Nursing Home Staffing is Worse in Disadvantaged Communities
August 10, 2022
Study reveals local disparities in clinical staff hours in nursing homes, particularly among higher-paid workers.
Nursing homes located in disadvantaged neighborhoods are staffed for fewer hours by clinical workers, such as registered nurses and physical therapists, compared with nursing homes in more well-off areas—a disparity that could compromise the safety of residents, according to new research published in the Journal of the American Geriatrics Society.
“Nursing home staffing in the United States is a growing safety concern—one that has been exacerbated by the COVID-19 pandemic,” said Jasmine Travers, assistant professor at NYU Rory Meyers College of Nursing and the study’s senior author. “Most skilled nursing facilities are already concerned about low staff-to-resident ratios, but our analysis reveals that this gap is even worse in disadvantaged communities.”
Residents in nursing homes often have complex medical needs, and research shows that nursing homes with higher levels of staffing have better outcomes. Greater staffing by registered nurses (RNs), in particular, is associated with lower rates of infection and mortality.
While nursing homes in disadvantaged neighborhoods are more likely to serve vulnerable populations of older adults, including racial and ethnic minorities, less is known about how a neighborhood’s socioeconomic factors influence nursing home staffing. Prior research has often relied on poverty as a single socioeconomic indicator and used data by county or zip code, which does not take into account neighborhood-level differences.
To better understand the relationship between communities and nursing home staffing, Travers and her colleagues looked to several more granular sources of data. To examine neighborhoods, they used the area deprivation index, a measure of socioeconomic disadvantage that aggregates income, education, employment, and housing for small geographic units called census blocks, which represent 600 to 3000 residents. The researchers then mapped out the area deprivation index scores of 12,609 U.S. nursing homes and analyzed their quality and payroll-based staffing data.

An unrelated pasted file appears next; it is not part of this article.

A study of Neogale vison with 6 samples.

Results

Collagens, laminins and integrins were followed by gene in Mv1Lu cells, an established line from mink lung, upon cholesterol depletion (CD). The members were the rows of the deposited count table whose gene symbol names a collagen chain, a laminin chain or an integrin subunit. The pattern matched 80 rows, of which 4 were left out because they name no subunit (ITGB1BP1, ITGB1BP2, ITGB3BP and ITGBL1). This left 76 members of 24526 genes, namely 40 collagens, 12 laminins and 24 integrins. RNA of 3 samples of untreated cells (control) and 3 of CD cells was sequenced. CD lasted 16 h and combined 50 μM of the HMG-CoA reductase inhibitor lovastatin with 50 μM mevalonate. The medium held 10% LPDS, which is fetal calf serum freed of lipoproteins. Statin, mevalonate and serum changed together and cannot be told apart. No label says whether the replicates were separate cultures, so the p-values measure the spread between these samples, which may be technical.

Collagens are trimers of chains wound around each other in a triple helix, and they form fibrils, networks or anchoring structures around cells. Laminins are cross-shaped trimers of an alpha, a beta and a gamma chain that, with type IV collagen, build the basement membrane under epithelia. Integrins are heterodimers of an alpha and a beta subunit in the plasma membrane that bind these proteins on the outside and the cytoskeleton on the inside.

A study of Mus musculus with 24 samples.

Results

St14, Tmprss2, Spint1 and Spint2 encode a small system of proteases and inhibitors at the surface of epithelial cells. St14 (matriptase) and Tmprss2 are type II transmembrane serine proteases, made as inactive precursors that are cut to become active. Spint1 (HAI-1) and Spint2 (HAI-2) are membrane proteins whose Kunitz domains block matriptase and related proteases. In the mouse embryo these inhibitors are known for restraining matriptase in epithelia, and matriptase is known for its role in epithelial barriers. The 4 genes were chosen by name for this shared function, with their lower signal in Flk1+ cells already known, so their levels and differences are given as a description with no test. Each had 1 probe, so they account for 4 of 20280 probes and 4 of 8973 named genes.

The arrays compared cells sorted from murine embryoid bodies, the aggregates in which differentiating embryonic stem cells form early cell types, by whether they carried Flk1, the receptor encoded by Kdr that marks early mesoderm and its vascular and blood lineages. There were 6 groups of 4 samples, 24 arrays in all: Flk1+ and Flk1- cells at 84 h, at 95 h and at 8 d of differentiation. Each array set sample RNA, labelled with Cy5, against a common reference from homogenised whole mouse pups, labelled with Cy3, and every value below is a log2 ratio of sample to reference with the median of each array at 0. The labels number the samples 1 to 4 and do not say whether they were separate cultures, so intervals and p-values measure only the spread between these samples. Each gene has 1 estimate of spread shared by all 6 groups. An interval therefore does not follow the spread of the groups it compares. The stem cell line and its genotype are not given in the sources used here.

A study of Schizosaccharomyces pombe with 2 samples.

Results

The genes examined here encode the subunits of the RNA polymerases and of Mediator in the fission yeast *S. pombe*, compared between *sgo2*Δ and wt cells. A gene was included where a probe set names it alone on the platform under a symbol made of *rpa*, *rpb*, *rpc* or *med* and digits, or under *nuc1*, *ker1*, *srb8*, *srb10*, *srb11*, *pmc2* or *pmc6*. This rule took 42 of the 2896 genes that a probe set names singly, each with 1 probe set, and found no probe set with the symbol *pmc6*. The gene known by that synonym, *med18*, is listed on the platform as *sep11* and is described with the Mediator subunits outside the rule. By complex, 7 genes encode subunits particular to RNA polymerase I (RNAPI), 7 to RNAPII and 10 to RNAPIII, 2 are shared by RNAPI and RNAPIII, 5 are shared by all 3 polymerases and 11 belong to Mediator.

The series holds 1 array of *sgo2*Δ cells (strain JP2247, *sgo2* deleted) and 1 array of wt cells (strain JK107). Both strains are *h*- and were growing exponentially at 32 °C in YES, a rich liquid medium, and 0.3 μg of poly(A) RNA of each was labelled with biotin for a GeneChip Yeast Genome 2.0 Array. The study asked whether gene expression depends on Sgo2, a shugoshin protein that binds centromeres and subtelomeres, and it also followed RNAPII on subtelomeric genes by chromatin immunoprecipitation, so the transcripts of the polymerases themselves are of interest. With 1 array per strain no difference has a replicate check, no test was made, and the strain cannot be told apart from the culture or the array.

Using area deprivation index scores, 16% of nursing homes in the study were found to be in severely disadvantaged neighborhoods. These nursing homes were more likely to be for-profit, in rural areas, and serve a higher proportion of Black residents and Medicaid recipients.
The researchers’ analysis also revealed significant staffing differences by neighborhood for most nursing home workers providing direct care to residents. Compared to more well-off neighborhoods, in severely disadvantaged neighborhoods, staffing was 38% lower for physical and occupational therapists, 30% lower for registered nurses (RNs), and 5% lower for certified nursing assistants. Licensed practical nurses (LPNs) were the only exception, with no disparities observed.
“We found that nursing staff with generally lower salaries and training—CNAs and LPNs—had smaller or no disparities in staffing compared with RNs. This suggests that nursing homes in more disadvantaged communities may be substituting care by staff with less training,” said Travers.
A further analysis revealed that in a 100-bed nursing facility in a severely disadvantaged neighborhood, RNs provided five hours and 36 minutes less care per day compared to a similar facility in a less disadvantaged area.
The researchers conclude that targeted interventions are needed to improve staffing levels for nursing homes in disadvantaged neighborhoods in ways that support, not penalize, nursing homes.
“This might include enhancing Medicare and Medicaid reimbursement to these facilities using geographically ‘micro-targeted’ funding sources, workforce recruitment efforts focused on pay, transportation, and working conditions, and efforts to retain staff such as opportunities for CNAs and LPNs to complete training as RNs,” said Jason Falvey, assistant professor of physical therapy and rehabilitation science at the University of Maryland School of Medicine and the study’s first author.
Additional study authors include Erinn Hade and Steven Friedman of NYU Grossman School of Medicine, Rebecca Deng of NYU School of Global Public Health, Joelle Jabbour of NYU Wagner Graduate School of Public Service, and Robyn Stone of LeadingAge, a nonprofit organization that represents aging services providers. The research was supported by the National Institute on Aging (K76AG074922, K76AG074926, P30AG028747) and the Patrick and Catherine Weldon Donaghue Medical Research Foundation.